Sen. Edward M. Kennedy, one of the main designers of the federal anti-cancer effort, urged government health officials yesterday to test Laetrile in large numbers of cancer patients to learn its worth one way or the other.
He simultaneously urged Laetrile's backers to agree to stop promoting the drug and "raising false hopes" and "misleading the American people" if it proves valueless.
At a four-hour session of his Senate Health subcommittee - with a confrontation between Laetrile's supporters and detractors - the Massachusetts Democrat won agreement on that point from some of the backers.
But they quarreled with the federal officials about what kind of test would be "fair" and valid. Members of both sides later agreed that they may never agree on any kind of test that the other side would not call meaningless.
More than 50,000 Americans with cancer are now being treated with Laetrile imported from Mexico in one way or another. Dr. Donald S. Frickson, director of the government's National Institutes of Health, testified.
But only animal tests have been done so far to try to assess scientifically Laetrile's anti-cancer value.
The subcommittee first heard uniformly unfavorable testimony on the controversial chemical from government and other scientists, testimony based on the animal tests and review of the cases of a number of uncured Laetrile patients.
The Food and Drug Administration's commissioner, Dr. Donald Kennedy, said lack of demonstration of "any useful effect" as well as "evidence of fraud" and huge profiteering by Laetrile backers fully justify the FDA's prohibition of the drug.
Kennedy, Fredrickson and Dr. Joseph Ross of the University of California at Los Angeles said Laetrile can poison a patient when taken by mouth, a from of treatment often advocated.
Dr. Lewis Thomas, president of Memorial Sloan Kettering Cancer Center in New York, saw "not a particular scientific evidence" that Laetrile works. But he called it essential that the public get "solid information" and urged both a study of the fate of patients give Laetrile so far and a test on cancer patients at least three major medical centers.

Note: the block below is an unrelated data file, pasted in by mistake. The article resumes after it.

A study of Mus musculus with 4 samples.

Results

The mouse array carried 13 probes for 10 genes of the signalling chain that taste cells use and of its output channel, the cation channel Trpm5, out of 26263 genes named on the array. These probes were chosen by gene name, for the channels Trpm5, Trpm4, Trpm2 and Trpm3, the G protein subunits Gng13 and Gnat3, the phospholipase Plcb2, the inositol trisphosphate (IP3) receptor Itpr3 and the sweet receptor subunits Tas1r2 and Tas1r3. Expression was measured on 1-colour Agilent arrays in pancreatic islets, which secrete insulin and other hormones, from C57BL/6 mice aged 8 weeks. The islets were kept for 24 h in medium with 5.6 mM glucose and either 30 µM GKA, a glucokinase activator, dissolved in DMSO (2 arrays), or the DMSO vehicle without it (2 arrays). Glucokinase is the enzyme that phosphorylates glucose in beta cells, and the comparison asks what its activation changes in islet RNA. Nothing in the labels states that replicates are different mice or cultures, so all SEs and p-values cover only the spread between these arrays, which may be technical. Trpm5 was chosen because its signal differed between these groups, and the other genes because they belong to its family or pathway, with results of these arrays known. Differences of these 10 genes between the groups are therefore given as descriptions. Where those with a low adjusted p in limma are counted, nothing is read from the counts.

Frederickson promised a decision shortly on whether NIH's National Cancer Institute will sponsor such a trial. Thomas said it would be unethical to withhold other treatments from cancer patients but Laetrile could beadded to see whether it prolongs life or relatives pain.
Laetrile proponents, however said ordinary treatments often harm patients by "cutting, burning or poisoning" - their way of referring to surgery, radiation and chemical therapy - and could counteract Laetrile's effects.
They themselves made far more modest claims for Laetrile's effects than Laetrile's friends were making a few years ago.
Robert Bradford, president of the Committee for Freedom of Choice in Cancer Therapy, biochemist Ernest Krebs Jr., Dr. John Richardson and Dr. Bruce Halstead agreed that Laetrile does not "cure" cancer although, they said, it may "control" it.
They said Laetrile's main value could be to prevent cance, describing it as "vitamin B-17" The same substance, said Krebs, is found in lime beans, millet, buckwheat, bamboo shoots and other foods that everyone should eat in quantity, he maintained, to prevent the "nutritional deficience" that causes cancers.
This contention, too, was disputed by the scientists. They said there is no firm evidence that cancer is a nutritional disease and none at all that Laetrile is a vitamin.
Of the four Laetrile backers who testified, three have been convicted on federal or state charges of smuggling the drug into the country or promoting it.
Bradford and Richardson were convicted in federal court. Bradford was fined $40,000 and Richardon $30,000, and Richardon also lost his California medical license. Krebs was convicted of violating California health laws and is free on bond pending on appeal.
All claimed yesterday that they were persecuted. They denied federal and California prosecutors' testimony that they and others have made sums running into the millions by Laetrille distribution and promotion.